28 April 2005

Chris Roberson grew up south of Dallas, Texas, attended the University of Texas at Austin, and got a degree in English literature with a minor in history. He held a variety of jobs, including a seven-year stint as a product support engineer for Dell computers, before quitting his day job in 2003 to launch small press MonkeyBrain Books, which specializes in non-fiction genre studies. He co-founded the now-defunct Clockwork Storybook writers collective in 2000, and self-published four POD novels there, from Voices of Thunder (2000) to Any Time at All (2002). His first professionally sold novel, Here, There & Everywhere, from Pyr (2005), is a revised and expanded version of Any Time at All. Alternate history The Voyage of Night Shining White (PS Publishing) and Paragaea: A Planetary Romance (Pyr) are forthcoming in 2006. Roberson is the editor of the retro-pulp Adventure anthology series, with volume one due in November 2005.

Photo by Beth Gwinn
Roberson's first professional sale, "O One" (2003), was a finalist for the World Fantasy Award and winner of the Sidewise Award for best alternate history in the short form category. He is currently a finalist for the John W. Campbell Award for Best New Writer. He lives in Austin, Texas with his wife and their baby daughter.
Excerpts from the interview:

There's something wrong with me -- if I didn't have the opportunity to channel my obsessive tendencies into something fairly constructive like writing, I'm sure I'd be obsessed with some crazy conspiracy theory and papering the walls of my house with articles I'd cut out of The Weekly World News and The Wall Street Journal, with pen mark notations all over them. But luckily I found the other avenue. It's not just one thing, because I'm doing three and I alternate between them.

*

I like to refer to my novel Here, There & Everywhere as my first wide release, because I did have a few things that nobody ever saw -- in order, Voices of Thunder, Cybermancy Incorporated, Any Time at All, and Set the Seas on Fire, all genre of one kind or another. The new book is a substantially revised and expanded version of Any Time at All. It's an examination of the time-travel subgenre, in terms of how it's been used before -- David Gerrold, Doctor Who, the Legion of Superheroes (nobody has found them yet, but they are in there) -- and I also tried to make it as plausible as possible. I have a mania for research. The only thing that keeps me from writing more is that before I write I have to go and read everything I can, to make it sound like I know what I'm talking about. Before I started this one, I essentially taught myself a couple of semesters of college theoretical physics....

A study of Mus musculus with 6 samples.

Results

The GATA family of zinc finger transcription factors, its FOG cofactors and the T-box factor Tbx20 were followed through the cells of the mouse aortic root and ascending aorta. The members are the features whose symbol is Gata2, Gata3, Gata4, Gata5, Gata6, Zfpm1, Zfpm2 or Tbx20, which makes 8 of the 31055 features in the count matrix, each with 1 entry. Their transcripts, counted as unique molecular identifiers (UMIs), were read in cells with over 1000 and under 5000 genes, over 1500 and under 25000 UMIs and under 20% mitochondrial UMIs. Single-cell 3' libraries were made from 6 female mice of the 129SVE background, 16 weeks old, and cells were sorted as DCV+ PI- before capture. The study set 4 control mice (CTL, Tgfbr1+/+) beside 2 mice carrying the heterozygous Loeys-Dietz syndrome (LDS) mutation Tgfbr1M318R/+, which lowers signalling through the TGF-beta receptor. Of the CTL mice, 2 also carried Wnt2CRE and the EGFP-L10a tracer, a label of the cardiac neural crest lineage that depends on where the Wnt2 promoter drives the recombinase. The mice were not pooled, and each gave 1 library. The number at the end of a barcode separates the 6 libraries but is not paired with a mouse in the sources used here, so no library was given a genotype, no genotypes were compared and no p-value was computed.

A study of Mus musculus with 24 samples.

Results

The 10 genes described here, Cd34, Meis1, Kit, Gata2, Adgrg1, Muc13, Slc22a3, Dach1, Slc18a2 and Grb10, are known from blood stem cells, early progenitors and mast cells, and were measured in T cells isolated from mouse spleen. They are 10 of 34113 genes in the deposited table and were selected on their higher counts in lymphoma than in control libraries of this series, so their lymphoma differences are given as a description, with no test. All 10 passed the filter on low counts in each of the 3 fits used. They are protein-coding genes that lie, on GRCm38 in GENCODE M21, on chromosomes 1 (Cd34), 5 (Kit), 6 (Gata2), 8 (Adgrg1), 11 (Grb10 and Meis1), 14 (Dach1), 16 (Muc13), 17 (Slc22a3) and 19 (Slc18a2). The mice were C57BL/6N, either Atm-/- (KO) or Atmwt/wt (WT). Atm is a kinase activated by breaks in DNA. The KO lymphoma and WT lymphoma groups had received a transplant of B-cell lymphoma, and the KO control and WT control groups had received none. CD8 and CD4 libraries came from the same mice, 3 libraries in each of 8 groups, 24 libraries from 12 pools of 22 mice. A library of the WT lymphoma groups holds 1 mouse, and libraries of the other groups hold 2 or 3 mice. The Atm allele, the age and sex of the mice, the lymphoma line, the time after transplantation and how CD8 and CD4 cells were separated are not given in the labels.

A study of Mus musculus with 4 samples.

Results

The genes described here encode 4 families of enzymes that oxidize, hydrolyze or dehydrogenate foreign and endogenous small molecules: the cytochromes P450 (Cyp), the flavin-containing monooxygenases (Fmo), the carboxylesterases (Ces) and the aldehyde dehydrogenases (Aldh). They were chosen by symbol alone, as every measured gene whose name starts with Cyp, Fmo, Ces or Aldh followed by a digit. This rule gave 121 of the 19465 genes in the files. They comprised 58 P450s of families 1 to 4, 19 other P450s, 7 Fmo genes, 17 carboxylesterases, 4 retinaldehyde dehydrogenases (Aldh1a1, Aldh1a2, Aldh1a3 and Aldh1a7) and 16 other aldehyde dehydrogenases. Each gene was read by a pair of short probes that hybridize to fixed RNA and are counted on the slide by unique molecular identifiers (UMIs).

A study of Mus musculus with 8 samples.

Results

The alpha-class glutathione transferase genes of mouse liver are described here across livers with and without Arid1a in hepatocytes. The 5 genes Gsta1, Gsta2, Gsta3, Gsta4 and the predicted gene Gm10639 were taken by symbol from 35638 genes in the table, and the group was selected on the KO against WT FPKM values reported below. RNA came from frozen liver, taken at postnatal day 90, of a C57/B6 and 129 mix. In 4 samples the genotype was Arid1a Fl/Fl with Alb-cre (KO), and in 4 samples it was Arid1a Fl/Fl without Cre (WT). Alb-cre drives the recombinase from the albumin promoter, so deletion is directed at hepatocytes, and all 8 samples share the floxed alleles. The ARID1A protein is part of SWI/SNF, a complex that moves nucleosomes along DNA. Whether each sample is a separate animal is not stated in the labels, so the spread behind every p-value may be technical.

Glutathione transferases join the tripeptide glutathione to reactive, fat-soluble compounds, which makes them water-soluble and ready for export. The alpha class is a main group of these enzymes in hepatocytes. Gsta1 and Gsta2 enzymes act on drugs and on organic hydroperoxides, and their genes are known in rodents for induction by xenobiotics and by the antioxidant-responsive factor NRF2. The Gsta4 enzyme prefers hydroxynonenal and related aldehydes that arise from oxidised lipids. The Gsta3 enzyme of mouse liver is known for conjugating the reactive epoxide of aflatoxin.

It's the job of the fiction writer to repackage and re-present these questions and quandaries in ways that are consumable and enjoyable but lead to the same kind of discussion. Whether we're writing historical fiction or science fiction or fantasy, all we really do is pass along little interesting things that we've picked up elsewhere. We're just saying, 'There's this great thing I learned, and I'm going to tell you about it.' (We also lie a lot.)

*

My story 'O One', that won the Sidewise Award and (humiliatingly!) did not win the World Fantasy, is about John Henry and the steam engine in this alternate history dominated by China that I've been working with. ...

I'm writing more alternate-history China stories. There's The Voyage of Night Shining White, a novella in the series that's being released in 2006 by PS Publishing, and Im also writing a standalone YA set in the same world. The title of the sequence is Celestial Empire and the first collection is Celestial Empire: Fire Star. The stories are a novel in the sense that The Martian Chronicles is a novel. (Everything I do is fairly episodic. Even Here, There & Everywhere is composed of standalone chapters that kind of accrete into a novel.) Fire Star will be snapshots of different moments in history, in the development of this alternate world, with no recurring characters at all, just following certain themes through.

*

I suppose I'm more an optimist than a pessimist. After talking at length to Lucius Shepard a while ago, I was proud of the fact that I still felt that as a civilization we're on an upward trend. I've come to realize in recent years that everything positive about western civilization, going back through the last centuries, is the result of a progressive liberal tendency. Over time, a greater number of our citizens are enfranchised, restrictions on our liberties are reduced, and the standard of living (on a whole, averaged out) is improved. I have to cling to that, particularly in the last four years as things have gone from bad to worse. There's always going to be a step backasswards, but over the long haul we're moving forward. In the Third World and in many parts of the United States, you can certainly see the bleak darkish things humanity is capable of doing. I have my own bleak moments, but I think over the long haul things are getting better.